ON THE PHONE….OLD SCHOOL

Salvador Dali’s Telephone Earrings

Salvador Dali was one of the most successful artists in translating images from his paintings into jewelry. It was during the 1940’s and 1950’s that he actually created a body of jewelry based on his singular surrealist images. Some of the designs for these jewels were taken directly from his paintings. He wanted to transform the two dimensional into the third dimension, and loved adapting his images to precious, small sculptures that could be worn.

We have recently been fortunate in acquiring his famed Telephone Ear Clips. These are fabulous and quite rare – I have only seen one other pair at the Dali Museum in Figueras, Spain.  They are in 18k gold, with rubies, emeralds and diamonds. Wouldn’t it be nice to have the entire telephone – life sized? His sub-title for these earrings was “The Persistence of Sound.” He wrote, describing these earrings, “The ear is a symbol of harmony and unity; the telephone design a reminder of the speed of modern communication – the hope and danger of instantaneous exchange of thought”.

Of course, this was long before the advent of computers and cell phones, texting, Twitter, and all of our modern means of instantaneous communication. I am sure that he would have approved, and been fascinated by the new technology, but somehow, I don’t think a cell phone, no matter how sleek, and how many apps it has, would have inspired such an original and evocative pair of earrings.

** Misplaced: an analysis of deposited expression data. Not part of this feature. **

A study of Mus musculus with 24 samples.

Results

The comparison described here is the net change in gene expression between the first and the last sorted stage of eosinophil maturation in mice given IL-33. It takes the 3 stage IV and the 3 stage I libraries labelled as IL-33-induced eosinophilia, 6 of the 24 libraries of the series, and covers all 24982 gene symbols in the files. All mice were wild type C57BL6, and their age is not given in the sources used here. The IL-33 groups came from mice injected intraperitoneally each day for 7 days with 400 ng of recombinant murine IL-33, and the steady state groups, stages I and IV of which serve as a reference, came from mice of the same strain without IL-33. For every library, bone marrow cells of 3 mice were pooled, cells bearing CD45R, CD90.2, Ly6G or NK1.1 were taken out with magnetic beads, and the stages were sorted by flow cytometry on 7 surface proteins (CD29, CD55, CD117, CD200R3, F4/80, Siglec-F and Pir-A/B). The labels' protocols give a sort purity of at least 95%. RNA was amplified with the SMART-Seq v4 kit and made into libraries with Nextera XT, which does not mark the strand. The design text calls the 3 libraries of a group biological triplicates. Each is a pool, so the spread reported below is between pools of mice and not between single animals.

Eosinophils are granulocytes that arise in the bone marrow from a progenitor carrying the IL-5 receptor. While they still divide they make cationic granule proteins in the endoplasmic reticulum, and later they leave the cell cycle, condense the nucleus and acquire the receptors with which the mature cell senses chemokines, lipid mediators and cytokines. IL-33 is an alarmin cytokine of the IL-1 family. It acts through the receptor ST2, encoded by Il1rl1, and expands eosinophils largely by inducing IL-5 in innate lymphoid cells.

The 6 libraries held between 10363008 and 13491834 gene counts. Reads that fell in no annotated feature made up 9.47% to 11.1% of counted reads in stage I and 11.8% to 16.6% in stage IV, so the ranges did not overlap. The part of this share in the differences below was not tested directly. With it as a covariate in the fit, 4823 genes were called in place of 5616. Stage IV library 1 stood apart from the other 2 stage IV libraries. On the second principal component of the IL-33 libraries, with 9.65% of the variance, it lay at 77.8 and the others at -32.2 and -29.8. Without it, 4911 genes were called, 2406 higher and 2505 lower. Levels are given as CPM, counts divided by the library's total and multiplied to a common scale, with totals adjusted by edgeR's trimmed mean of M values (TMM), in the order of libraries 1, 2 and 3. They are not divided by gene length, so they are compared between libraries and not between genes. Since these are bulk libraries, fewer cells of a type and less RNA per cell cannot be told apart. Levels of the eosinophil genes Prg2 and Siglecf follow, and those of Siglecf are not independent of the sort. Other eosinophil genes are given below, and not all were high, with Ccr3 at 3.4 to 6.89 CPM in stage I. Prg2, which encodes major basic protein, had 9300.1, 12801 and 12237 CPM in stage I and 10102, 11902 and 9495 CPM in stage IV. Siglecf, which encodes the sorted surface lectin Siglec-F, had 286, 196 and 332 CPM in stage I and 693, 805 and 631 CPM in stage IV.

For more information about Dali and his jewelry, please see my blog entitled Salvador Dali’s Ruby Lips.

Audrey Friedman for Primavera Gallery

This article and the images in it are copyright- protected, and may not be excerpted or reproduced in any form without the consent of Audrey Friedman at Primavera Gallery NY.


  1. Sabrina says:

    Wow…I had no idea Dali created jewelry! I’ll pass this on to my friend Emily, who created Winnow ( http://www.winnownyc.com ), a unique jewelry space that highlights just this kind of fascinating vintage work. Thanks.